One-third of emissions reductions needed for 2 degree target could be achieved with better land management.
I've been writing a lot about China's plug-in car sales and the launch of floating wind farms of late, and these things are indeed exciting. But this site is called TreeHugger for a reason. And a new study, led by scientists from The Nature Conservancy and published in the journal Proceedings of the National Academy of Sciences, reminds us of why this matters:
Specifically, the study found that planting more trees and stopping deforestation, improving agricultural land and livestock management, and protecting and restoring wetlands could collectively deliver 11.3 billion tonnes of CO2-equivalent emissions reductions per year by 2030. That is, according to the paper, 37% of the emissions reductions needed to hit the 2-degree target set out in the Paris Accord. It's also the equivalent of stopping the burning of all oil everywhere. If cost constraints aren't considered, the authors suggest that emissions savings could be as high as 23.8 billion tonnes of carbon dioxide equivalent per year, 30% more than previous estimates had projected.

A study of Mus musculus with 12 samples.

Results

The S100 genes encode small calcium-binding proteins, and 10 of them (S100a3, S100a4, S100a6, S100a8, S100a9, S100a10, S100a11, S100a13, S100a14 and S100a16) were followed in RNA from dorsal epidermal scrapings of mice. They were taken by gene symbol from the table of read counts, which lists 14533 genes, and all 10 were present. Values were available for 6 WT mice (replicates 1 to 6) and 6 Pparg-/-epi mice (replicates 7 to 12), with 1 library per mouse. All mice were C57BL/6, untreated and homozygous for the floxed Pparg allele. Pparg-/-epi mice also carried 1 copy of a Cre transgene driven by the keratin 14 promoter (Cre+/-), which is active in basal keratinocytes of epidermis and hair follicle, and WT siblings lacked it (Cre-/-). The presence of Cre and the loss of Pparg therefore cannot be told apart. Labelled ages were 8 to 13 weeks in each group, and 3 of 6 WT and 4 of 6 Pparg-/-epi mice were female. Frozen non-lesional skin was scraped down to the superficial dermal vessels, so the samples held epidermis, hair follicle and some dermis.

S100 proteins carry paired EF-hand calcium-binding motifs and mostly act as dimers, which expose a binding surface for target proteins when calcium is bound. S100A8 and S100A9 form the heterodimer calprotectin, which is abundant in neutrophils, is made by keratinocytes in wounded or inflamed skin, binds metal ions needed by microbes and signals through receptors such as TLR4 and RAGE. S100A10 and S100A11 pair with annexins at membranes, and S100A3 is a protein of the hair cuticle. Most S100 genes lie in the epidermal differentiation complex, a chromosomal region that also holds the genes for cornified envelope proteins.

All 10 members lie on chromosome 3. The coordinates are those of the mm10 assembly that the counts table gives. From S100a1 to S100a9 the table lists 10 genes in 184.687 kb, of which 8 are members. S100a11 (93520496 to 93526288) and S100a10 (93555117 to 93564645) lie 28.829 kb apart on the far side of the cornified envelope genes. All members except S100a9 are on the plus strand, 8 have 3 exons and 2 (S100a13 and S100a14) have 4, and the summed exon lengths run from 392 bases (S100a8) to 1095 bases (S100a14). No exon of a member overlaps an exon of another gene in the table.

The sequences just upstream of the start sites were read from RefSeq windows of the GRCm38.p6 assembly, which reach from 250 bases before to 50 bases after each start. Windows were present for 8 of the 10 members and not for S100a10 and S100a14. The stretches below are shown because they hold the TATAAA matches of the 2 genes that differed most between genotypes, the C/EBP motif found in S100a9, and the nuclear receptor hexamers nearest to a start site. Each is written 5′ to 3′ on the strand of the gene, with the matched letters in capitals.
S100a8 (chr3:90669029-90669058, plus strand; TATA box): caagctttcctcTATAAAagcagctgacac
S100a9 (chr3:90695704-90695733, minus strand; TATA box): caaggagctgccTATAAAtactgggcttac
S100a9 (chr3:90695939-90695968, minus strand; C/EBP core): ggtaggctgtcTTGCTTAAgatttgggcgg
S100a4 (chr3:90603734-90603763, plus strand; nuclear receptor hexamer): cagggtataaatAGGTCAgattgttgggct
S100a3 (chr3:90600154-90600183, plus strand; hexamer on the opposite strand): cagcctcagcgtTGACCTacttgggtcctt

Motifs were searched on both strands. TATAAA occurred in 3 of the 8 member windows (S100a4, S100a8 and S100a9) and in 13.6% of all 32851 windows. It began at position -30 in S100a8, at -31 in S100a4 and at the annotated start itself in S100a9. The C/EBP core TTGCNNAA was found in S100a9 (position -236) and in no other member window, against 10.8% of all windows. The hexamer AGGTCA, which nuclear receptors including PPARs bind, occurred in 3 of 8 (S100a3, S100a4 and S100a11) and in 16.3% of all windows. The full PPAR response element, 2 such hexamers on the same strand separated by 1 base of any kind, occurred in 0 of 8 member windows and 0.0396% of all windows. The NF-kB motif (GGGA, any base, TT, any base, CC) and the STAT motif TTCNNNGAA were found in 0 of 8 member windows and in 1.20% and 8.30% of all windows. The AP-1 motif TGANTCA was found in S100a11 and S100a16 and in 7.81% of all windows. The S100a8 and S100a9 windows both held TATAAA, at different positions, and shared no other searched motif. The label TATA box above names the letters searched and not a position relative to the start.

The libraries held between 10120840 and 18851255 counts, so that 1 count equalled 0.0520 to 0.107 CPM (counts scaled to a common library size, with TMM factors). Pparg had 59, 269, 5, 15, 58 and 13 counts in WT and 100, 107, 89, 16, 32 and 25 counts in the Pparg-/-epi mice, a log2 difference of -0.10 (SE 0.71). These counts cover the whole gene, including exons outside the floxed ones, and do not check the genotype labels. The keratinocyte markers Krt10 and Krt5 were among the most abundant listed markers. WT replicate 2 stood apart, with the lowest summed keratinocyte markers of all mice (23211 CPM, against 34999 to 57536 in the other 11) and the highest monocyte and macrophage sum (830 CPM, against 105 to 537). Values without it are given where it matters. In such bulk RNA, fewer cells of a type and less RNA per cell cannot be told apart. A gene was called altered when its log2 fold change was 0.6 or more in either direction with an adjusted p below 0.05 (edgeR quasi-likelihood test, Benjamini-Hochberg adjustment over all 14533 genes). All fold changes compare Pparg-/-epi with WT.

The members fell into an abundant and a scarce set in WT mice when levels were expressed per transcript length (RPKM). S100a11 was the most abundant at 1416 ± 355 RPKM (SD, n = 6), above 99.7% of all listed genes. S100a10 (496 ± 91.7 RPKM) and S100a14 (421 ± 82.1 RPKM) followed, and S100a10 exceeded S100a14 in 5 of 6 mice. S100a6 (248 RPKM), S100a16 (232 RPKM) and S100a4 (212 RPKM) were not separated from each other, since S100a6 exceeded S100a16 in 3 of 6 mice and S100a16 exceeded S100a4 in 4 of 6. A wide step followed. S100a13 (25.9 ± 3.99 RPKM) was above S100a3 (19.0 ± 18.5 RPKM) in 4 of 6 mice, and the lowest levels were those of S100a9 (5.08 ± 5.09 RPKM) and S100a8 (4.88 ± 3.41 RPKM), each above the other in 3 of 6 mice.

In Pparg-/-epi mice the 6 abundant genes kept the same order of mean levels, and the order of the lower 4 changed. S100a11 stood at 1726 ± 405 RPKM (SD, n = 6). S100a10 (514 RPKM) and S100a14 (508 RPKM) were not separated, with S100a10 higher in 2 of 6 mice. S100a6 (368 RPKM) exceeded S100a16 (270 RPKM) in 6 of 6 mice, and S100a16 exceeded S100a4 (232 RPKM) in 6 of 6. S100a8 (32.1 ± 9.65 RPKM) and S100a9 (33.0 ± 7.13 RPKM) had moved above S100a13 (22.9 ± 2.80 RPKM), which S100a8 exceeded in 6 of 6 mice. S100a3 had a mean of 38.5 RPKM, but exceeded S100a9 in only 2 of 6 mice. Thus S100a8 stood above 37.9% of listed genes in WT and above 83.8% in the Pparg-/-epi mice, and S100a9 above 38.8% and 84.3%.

Specifically, areas the authors suggest focusing on are restoring formerly forested land, preventing loss of existing forests, improving forestry and livestock management practices, using smarter application of chemical fertilizers and supporting agroforestry, and preventing the draining and conversion of wetlands—most prominently for palm oil cultivation.
It's encouraging to hear that such strategies—most of which would deliver massive biodiversity, health and social benefits alongside emissions reductions—can have such a significant impact on climate change. And while The Nature Conservancy is careful to not position this as an either/or proposition next to renewables and efficiency, it is a reminder that, alongside investing in electric cars and solar panels, we could massively step up our efforts to fund the protection and restoration of natural systems across the world.
From IKEA's commitments to sustainable forestry to large-scale regretting of deforested hillsides, and from citizens funding mangrove restoration to corporations backing regenerative farming, we already have examples of the work that needs to be done.
Now we just need to step up the pace.